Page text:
What Is Market Research

Without current market research your business may not respond to the evolving nature of your business environment. You'll be able to recognize cataclysmic change but will you note and react appropriately to evolving change?

A strategic market analysis should be conducted on a regular basis, the period of which is contingent upon the nature of your business. If you're in the tooth paste business you wouldn't need to review your market as often as you would if you were in the cellular phone industry. An analysis should review all aspects of your relationship with your marketplace.

To discuss a strategic market analysis we're going to use a case study: the case of Joe's Mouse Trapbusiness.

Joe's manufacturing the world's best mouse trap but the world isn't beating a path to his door. Joe would like to know how to develop his business.

First, just because Joe has the best mouse trap, doesn't in and of itself mean it's a good business to continue in.

Once we understand his marketplace and his role in it, we can better understand and develop his business.

Strategic Market Analysis:

Market Research is comprised of several aspects the first of which is getting a sense of the market environment:

  •     How many competitors are in the mouse trap business with a viable alternative to Joe's trap?
  •     Who are the dominant trap manufacturers?
  •     What is the projected size of the market?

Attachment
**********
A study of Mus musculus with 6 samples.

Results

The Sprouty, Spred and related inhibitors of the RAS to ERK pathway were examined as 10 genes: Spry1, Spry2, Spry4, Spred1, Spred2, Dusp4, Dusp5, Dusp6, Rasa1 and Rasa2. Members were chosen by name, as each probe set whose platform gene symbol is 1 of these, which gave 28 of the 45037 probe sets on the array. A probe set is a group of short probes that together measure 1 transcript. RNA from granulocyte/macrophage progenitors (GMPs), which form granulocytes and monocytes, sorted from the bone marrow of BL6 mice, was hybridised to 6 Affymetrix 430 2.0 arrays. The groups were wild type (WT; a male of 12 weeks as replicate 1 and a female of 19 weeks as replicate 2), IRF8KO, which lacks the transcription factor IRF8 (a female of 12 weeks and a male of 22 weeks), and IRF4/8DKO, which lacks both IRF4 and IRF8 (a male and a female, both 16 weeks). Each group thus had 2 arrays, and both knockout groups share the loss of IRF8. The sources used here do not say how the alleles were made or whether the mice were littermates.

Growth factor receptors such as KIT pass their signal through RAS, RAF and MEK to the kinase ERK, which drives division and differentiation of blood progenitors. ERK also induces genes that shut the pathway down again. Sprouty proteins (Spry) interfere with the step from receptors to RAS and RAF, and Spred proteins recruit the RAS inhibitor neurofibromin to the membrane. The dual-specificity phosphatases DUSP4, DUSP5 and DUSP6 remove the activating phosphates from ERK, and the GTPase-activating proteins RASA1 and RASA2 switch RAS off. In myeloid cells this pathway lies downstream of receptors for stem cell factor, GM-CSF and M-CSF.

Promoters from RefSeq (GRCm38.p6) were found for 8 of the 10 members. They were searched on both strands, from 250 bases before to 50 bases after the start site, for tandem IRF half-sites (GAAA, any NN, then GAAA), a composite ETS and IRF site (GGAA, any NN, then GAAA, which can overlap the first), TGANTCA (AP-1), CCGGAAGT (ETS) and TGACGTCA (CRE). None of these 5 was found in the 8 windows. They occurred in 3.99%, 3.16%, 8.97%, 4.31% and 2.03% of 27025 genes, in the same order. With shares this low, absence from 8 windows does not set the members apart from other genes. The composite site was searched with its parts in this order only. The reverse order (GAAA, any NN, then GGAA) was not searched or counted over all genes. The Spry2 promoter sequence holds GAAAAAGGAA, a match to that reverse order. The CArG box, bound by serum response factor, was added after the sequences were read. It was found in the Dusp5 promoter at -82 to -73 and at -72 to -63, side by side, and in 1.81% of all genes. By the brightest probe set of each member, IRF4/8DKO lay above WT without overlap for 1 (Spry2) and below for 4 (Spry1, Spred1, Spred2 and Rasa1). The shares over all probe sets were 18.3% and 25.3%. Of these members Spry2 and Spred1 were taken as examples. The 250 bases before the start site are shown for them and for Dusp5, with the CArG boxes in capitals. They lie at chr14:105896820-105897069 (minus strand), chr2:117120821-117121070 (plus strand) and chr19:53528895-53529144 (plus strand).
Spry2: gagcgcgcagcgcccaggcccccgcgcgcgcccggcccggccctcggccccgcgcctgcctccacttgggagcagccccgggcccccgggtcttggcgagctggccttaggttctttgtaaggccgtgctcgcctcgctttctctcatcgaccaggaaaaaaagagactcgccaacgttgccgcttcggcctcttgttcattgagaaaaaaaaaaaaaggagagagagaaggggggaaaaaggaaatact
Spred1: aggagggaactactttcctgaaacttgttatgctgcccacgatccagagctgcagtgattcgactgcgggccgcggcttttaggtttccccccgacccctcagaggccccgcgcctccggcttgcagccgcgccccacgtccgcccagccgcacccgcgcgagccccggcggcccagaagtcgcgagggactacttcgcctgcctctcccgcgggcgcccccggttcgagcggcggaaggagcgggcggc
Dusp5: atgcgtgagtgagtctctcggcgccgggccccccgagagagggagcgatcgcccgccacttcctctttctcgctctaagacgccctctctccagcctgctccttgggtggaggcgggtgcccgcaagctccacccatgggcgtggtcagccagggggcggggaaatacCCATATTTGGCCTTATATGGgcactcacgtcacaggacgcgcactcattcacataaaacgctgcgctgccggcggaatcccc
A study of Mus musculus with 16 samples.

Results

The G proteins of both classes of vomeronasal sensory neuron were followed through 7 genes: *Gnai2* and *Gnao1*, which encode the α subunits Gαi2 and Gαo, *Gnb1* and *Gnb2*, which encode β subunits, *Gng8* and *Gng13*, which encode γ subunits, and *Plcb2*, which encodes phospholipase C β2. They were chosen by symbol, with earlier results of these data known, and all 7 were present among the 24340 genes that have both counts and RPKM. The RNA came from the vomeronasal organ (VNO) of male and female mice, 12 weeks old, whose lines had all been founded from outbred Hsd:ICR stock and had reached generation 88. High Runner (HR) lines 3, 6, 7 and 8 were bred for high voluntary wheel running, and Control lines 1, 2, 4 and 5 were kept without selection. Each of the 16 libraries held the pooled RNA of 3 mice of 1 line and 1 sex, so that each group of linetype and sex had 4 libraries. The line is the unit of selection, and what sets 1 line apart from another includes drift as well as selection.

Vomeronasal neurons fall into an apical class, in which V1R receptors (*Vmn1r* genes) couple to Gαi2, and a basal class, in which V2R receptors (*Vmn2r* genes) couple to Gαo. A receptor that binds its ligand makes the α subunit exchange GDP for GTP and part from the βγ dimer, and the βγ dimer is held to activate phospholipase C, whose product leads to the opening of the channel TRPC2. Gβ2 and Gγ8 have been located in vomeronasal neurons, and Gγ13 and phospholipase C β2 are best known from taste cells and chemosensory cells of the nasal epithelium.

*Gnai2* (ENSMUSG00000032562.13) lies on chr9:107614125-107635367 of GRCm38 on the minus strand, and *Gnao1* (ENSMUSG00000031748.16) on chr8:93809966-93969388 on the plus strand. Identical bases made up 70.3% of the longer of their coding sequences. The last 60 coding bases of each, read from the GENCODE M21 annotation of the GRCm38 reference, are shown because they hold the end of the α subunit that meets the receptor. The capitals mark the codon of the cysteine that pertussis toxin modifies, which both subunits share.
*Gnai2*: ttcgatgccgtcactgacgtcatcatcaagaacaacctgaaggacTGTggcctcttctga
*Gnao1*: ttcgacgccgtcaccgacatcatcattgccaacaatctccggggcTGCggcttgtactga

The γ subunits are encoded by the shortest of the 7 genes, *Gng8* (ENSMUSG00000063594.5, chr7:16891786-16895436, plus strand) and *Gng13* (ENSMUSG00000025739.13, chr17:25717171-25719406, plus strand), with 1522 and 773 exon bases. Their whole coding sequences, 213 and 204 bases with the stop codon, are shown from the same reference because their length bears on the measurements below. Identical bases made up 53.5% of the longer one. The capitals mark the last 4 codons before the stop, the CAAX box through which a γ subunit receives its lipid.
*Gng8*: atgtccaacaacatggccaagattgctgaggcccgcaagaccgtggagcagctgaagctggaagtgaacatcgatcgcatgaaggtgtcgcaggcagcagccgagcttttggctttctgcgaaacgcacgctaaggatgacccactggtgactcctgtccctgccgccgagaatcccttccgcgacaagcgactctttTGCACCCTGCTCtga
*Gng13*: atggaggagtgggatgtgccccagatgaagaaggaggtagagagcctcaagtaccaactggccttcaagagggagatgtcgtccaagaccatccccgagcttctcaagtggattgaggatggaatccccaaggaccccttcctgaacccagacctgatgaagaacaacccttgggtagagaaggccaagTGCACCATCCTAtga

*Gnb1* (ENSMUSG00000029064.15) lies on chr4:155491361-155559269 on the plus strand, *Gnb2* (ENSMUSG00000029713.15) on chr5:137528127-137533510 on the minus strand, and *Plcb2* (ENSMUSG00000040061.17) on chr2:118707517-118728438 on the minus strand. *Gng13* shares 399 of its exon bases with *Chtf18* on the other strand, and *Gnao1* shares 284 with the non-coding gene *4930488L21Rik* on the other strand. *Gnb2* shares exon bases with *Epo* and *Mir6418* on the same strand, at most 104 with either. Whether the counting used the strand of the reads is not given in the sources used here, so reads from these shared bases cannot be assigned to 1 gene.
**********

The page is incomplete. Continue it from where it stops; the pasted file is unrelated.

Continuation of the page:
•     What are Joe's customers looking for in their mouse traps?
  •     What are end users of mouse traps looking for?
  •     Are there outside influences that may impact the market in the reasonable future?
  •     What sort of reputation does Joe's business and his trap have in the market?
  •     How are Joe's competitors bringing their product to market?
  •     How are Joe's competitors marketing their product?
Once we have our initial answers we can deal with our most important question: what are the projected costs of business development and how do they relate to our ROI goals?

Perhaps Joe's best strategy is to license or sell his trap to one of his competitors. Perhaps it's to sell his traps not through distribution but through direct sales. If it's determined that he is best served by continuing in the sales business, does he use a sales staff on payroll or does he contract with an agency and representatives?


These are some of the possible issues that you'll need to deal with in your market research. Let's assume that we've run the numbers and Joe's best interests are served by staying in the mouse trap manufacturing business and selling through a distribution network with the assistance of a sales force. Now he has a starting point for his business plans and the development of his marketing materials. Conducting a similar process, you will have a better understanding of your market environment and be able to confidently move forward with your business development.

For discussions and resources related to development and management of your business visit The Small Business Resource Library. You'll find practical discussions of topics of interest to small business owners and those considering starting their own business.

The discussion of each topic is supplemented by a collection of materials reviewed and evaluated for their real world value.